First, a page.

Ford’s lineup casualties include the Fusion, once among the nation’s most popular family sedans, and the Focus, the compact sedan and hatchback that helped prove Detroit could compete against Japanese blue-chippers like Honda’s Civic and Toyota’s Corolla.

Instead, Ford will expand its S.U.V. and pickup portfolio, and pour $11 billion into 40 electrified models by 2022. Those include an electric version of its F-Series pickup, America’s perennially best-selling vehicle, and a “Mustang-inspired” electric vehicle — in fact, another crossover S.U.V. — that’s expected in 2020. Ford is also investing heavily in self-driving technology, through its Argo AI unit.

Those are “all better businesses than traditional sedans,” Mr. Galhotra said. “We’re providing the vehicles that consumers want, and playing to the strength of the company.”

Mr. Galholtra, like many analysts and industry executives, said the shift to S.U.V.s appeared to be permanent. He gave familiar reasons for this: the tall stance and “command seating,” which afford better views, make climbing in or out a breeze and make owners feel safer, and the yawning liftgates and cargo holds, which no sedan trunk can match.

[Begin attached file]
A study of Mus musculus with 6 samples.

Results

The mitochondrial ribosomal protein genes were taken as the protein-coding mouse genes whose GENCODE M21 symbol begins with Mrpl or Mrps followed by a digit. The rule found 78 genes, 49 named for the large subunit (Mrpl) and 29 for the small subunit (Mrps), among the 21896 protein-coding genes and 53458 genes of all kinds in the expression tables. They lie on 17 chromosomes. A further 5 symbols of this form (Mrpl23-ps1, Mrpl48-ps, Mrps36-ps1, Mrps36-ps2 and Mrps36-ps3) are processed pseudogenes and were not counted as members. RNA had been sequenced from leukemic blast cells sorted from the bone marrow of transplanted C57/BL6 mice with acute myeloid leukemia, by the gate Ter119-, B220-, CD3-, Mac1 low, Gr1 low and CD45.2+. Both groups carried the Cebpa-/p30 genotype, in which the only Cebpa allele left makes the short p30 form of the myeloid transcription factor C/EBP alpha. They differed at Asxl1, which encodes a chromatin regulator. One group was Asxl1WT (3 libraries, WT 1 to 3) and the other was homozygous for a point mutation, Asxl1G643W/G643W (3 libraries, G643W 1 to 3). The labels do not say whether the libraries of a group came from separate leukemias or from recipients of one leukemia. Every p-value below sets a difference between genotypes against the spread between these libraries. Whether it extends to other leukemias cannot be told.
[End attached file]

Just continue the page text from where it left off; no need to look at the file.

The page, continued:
Even the world’s leading luxury marques, which once scoffed at S.U.V.s, have learned that resistance is futile: Porsche, Rolls-Royce, Bentley, Lamborghini and Maserati all offer S.U.V.s, which reliably become their best-selling models in America and globally, with Ferrari and Aston Martin to follow.

Yet every mainstream foreign automaker, including Toyota, Honda, Hyundai, Nissan, Subaru and Volkswagen, continues to send new cars to showrooms, despite flagging sales. Brian Smith, chief operating officer of Hyundai Motor America, feels that Ford and Fiat Chrysler’s strategies are shortsighted.